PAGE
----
Right along the New Mexico border, Arizona welcomes westbound travelers with an overwhelming display of trading-post tackiness—huge concrete tepees stand at the foot of brilliant red-rock mesas, while gift shops hawk their souvenirs to passing travelers. The gift shops themselves may not be all that attractive, but the old Route 66 frontage road along here, a.k.a. Hwy-118 between exit 8 in New Mexico and exit 357 in Arizona, is truly spectacular, running at the foot of red-rock cliffs. If you like rocks, gems, and petrified wood, a fine collection is for sale at the endearingly strange Stewart’s Petrified Wood Trading Post, marked by a family of animated dinosaurs at I-40 exit 303.
A great introduction to the Four Corners region, the Hubbell Trading Post National Historic Site (928/755-3254, $5), 38 miles north of I-40 from exit 333 and a mile west of the town of Ganado, is a frontier store preserved as it was in the 1870s, when trader John Hubbell began buying the beautiful rugs made by local Navajo weavers.
The easternmost 60-mile stretch of I-40 across Arizona is little more than one long speedway, since almost any sign of the old road has been lost beneath the four-lane interstate. One place that’s worth a stop here is Petrified Forest National Park (928/524-6228, daily dawn-dusk, $20 per car). The polished petrified wood on display in the visitors center is gorgeous to look at, but seeing 146,930 acres of the stuff in its raw natural state is not, to be honest, particularly thrilling. The story of how the wood got petrified is interesting, though: About 225 million years ago, a forest was buried in volcanic ash, then slowly embalmed with silica and effectively turned to stone. Alongside the visitors center at the entrance to the park, there’s a handy restaurant and a gas station.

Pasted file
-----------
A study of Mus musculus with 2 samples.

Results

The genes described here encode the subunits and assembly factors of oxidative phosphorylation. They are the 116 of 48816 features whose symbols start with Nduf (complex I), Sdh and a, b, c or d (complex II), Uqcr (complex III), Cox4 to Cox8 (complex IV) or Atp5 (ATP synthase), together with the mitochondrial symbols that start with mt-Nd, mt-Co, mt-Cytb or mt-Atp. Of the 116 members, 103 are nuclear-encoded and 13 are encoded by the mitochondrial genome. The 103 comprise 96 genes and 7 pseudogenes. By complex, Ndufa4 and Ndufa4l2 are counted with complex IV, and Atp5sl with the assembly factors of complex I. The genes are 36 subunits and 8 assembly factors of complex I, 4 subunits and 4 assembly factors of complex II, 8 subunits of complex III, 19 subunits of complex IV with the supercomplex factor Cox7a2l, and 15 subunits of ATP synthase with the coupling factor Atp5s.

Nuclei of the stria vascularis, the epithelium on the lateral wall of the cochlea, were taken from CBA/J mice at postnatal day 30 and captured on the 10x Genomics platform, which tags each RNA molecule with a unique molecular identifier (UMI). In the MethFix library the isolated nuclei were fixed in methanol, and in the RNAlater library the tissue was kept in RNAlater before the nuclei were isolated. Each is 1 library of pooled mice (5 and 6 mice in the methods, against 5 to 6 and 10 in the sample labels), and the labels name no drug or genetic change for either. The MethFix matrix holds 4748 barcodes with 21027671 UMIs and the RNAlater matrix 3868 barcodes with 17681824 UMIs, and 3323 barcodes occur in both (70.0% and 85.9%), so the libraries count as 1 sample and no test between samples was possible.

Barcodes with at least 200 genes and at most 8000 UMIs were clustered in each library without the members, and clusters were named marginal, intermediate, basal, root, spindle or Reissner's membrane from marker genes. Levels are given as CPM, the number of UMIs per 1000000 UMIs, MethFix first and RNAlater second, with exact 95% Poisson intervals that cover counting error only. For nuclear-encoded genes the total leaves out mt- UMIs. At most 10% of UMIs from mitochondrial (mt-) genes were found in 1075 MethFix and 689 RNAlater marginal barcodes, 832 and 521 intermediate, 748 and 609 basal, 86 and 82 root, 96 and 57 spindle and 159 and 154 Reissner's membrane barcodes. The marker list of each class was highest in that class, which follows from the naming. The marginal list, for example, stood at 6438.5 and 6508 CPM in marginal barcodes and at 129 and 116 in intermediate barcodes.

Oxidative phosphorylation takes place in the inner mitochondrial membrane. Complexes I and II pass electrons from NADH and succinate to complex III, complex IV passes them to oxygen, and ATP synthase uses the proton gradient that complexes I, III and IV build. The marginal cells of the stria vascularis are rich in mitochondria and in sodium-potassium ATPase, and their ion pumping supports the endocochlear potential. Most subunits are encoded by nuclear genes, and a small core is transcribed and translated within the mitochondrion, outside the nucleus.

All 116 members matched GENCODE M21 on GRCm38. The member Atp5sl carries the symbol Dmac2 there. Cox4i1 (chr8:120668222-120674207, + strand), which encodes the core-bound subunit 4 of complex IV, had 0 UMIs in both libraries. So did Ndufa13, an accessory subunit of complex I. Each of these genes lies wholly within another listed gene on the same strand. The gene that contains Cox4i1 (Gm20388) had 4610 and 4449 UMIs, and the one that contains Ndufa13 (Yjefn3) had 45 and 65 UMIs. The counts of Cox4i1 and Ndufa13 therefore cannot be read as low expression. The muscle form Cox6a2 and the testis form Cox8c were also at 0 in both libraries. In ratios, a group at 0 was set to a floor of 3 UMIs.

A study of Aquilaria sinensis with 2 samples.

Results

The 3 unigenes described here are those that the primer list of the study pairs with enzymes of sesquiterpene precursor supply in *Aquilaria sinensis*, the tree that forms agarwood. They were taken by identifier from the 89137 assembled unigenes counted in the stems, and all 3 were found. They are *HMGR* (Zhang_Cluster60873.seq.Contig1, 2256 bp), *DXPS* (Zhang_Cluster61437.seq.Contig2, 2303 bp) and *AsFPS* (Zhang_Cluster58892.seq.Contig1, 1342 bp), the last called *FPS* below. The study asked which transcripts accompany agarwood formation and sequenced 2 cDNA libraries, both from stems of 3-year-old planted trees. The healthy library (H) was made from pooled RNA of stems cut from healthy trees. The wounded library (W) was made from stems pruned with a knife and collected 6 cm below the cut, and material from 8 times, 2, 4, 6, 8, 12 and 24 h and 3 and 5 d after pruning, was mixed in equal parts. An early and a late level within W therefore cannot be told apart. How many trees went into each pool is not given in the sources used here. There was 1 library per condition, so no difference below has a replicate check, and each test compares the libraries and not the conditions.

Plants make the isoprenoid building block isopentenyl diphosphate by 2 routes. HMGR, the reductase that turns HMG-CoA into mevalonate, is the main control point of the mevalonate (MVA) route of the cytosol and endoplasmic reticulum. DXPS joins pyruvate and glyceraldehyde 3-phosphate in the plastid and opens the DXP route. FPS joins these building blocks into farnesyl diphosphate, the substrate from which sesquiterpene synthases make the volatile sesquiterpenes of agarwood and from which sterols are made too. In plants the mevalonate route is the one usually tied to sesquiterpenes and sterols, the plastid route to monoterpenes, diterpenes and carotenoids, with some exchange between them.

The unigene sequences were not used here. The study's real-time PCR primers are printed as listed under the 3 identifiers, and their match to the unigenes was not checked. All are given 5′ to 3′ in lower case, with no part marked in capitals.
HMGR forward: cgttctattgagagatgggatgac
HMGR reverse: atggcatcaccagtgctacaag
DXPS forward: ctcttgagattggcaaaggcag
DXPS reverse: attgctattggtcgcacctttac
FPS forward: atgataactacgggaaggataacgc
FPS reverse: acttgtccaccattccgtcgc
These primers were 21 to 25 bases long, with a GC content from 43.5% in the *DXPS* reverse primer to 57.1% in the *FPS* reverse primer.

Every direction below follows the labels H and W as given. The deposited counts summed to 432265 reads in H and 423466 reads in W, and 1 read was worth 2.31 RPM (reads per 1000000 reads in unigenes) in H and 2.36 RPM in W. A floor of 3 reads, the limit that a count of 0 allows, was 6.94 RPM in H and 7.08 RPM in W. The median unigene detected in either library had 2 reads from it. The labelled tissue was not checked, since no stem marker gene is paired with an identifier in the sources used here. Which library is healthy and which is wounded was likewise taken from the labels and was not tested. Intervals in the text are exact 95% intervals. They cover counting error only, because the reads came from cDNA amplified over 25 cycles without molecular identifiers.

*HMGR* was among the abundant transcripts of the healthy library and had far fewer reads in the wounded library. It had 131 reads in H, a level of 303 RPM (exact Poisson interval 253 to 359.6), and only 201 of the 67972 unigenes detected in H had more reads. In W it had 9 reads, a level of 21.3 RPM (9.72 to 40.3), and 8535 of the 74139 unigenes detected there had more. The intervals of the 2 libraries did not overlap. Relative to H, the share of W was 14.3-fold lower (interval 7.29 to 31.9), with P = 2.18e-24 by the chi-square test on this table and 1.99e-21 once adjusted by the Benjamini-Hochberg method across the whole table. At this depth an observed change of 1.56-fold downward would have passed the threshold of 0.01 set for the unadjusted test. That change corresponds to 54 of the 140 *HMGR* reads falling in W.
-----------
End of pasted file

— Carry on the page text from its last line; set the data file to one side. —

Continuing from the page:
While the park contains a vast array of prehistoric fossils and pictographs as well as the petrified wood, one of the more interesting sights is the old Painted Desert Inn, a Route 66 landmark during the 1920s and 1930s that was converted into a museum and bookstore after the National Park Service took it over in the 1960s. The pueblo-style building, now restored to its 1920s splendor with lovely murals, Navajo rugs and sand paintings, and handcrafted furnishings, is perched on a plateau overlooking the spectacularly colored Painted Desert that stretches off toward the northern horizon.